Background: Vascular endothelial growth factor (VEGF) is a potent angiogenic factor that also has the ability to increase vascular permeability. Malignant ascites has significant morbidity, but the mechanism of its development is unknown. Because of the permeability-inducing properties of VEGF, we hypothesized that malignant ascites formation is associated with high levels of VEGF. The purpose of our study was to determine the role of VEGF in malignant ascites formation.
Methods: Ascites from 25 patients with gastric (n = 6), colon (n = 7), or ovarian (n = 12) cancers was collected by paracentesis or surgery. VEGF protein levels were determined by enzyme-linked immunosorbent assay. The effect of ascites on endothelial cell permeability was assessed by evaluating propidium iodide uptake by human umbilical vein endothelial cells (HUVECs) exposed to ascites. Neutralizing antibodies to VEGF added to ascites were used to determine the causal effect of VEGF in permeability induction.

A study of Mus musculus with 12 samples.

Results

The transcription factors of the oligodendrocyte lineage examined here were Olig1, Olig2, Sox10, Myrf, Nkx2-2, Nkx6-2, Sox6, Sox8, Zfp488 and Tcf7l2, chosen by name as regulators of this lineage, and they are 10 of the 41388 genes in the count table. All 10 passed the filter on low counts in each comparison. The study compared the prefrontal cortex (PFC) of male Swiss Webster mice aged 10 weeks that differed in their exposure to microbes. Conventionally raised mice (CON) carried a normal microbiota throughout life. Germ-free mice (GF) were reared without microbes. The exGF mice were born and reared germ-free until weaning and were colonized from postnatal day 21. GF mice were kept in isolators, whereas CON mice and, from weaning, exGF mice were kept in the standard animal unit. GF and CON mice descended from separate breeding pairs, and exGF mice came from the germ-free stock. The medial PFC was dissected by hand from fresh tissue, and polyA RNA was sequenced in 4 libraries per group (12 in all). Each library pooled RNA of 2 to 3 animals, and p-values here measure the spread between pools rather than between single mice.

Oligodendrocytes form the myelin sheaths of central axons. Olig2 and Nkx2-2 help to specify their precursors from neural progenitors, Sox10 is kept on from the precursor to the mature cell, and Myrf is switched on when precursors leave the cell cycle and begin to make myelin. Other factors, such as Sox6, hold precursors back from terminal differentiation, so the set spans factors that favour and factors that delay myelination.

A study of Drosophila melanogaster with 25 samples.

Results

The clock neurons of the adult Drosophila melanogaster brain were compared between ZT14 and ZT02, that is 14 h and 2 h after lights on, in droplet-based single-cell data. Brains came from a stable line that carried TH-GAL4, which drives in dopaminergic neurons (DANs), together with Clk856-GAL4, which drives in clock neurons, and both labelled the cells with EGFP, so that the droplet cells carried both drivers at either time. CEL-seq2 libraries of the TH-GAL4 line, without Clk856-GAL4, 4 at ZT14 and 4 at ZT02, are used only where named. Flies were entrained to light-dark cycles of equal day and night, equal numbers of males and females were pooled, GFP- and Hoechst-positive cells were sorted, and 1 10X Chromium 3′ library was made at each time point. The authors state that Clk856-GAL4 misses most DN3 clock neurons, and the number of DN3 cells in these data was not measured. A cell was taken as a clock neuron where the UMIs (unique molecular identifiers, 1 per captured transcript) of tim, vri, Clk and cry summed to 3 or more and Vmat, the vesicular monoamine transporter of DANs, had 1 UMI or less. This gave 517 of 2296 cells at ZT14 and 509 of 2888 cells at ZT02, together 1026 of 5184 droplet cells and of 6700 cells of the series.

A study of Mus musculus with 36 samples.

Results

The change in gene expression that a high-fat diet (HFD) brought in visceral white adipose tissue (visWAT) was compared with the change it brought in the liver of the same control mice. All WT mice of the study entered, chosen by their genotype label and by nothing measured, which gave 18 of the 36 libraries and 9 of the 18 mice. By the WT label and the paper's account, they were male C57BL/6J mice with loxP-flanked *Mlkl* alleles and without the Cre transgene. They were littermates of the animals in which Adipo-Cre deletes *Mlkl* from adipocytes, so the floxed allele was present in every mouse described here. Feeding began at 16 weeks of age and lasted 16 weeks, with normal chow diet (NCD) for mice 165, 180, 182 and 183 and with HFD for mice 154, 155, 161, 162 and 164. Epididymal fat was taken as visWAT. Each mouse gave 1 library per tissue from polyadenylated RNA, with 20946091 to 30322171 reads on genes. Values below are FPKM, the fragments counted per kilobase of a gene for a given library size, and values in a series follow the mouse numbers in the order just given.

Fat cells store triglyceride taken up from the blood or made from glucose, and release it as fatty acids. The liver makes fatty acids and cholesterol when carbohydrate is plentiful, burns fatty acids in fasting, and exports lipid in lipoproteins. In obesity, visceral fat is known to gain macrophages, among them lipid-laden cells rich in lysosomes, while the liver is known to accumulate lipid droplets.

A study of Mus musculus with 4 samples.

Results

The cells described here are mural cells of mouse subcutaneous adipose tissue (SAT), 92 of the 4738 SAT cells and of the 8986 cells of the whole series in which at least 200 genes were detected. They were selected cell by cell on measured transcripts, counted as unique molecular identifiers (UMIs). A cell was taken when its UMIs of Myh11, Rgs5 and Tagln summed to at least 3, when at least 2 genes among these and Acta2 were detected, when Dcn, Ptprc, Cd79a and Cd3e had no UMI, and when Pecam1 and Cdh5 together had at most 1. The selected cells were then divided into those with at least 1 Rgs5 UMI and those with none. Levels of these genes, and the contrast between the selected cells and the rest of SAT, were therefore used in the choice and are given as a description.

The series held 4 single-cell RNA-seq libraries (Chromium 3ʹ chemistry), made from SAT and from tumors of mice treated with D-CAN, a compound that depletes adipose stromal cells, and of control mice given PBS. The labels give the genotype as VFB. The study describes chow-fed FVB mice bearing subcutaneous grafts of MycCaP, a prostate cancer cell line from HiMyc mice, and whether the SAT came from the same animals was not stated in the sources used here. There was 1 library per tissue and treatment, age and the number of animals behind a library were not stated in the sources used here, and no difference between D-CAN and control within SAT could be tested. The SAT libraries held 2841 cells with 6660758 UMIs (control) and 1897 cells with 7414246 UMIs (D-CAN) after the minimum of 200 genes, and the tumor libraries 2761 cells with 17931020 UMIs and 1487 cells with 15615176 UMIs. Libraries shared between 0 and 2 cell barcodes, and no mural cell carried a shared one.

Results: VEGF protein levels were markedly increased in malignant ascites compared with levels in nonmalignant cirrhotic ascites (controls). VEGF protein levels in ovarian, gastric, and colon cancer ascites were found to be increased 45, 23, and 12 times, respectively, compared with levels in cirrhotic ascites. Malignant ascites from patients with colon and gastric cancer caused an increase in permeability in HUVECs in all cases. Neutralizing VEGF activity in colon cancer ascites decreased in-vitro HUVEC permeability in three of four cases.
Conclusions: VEGF protein levels are markedly elevated in malignant ascites. VEGF may play a role in malignant ascites formation by increasing endothelial cell permeability.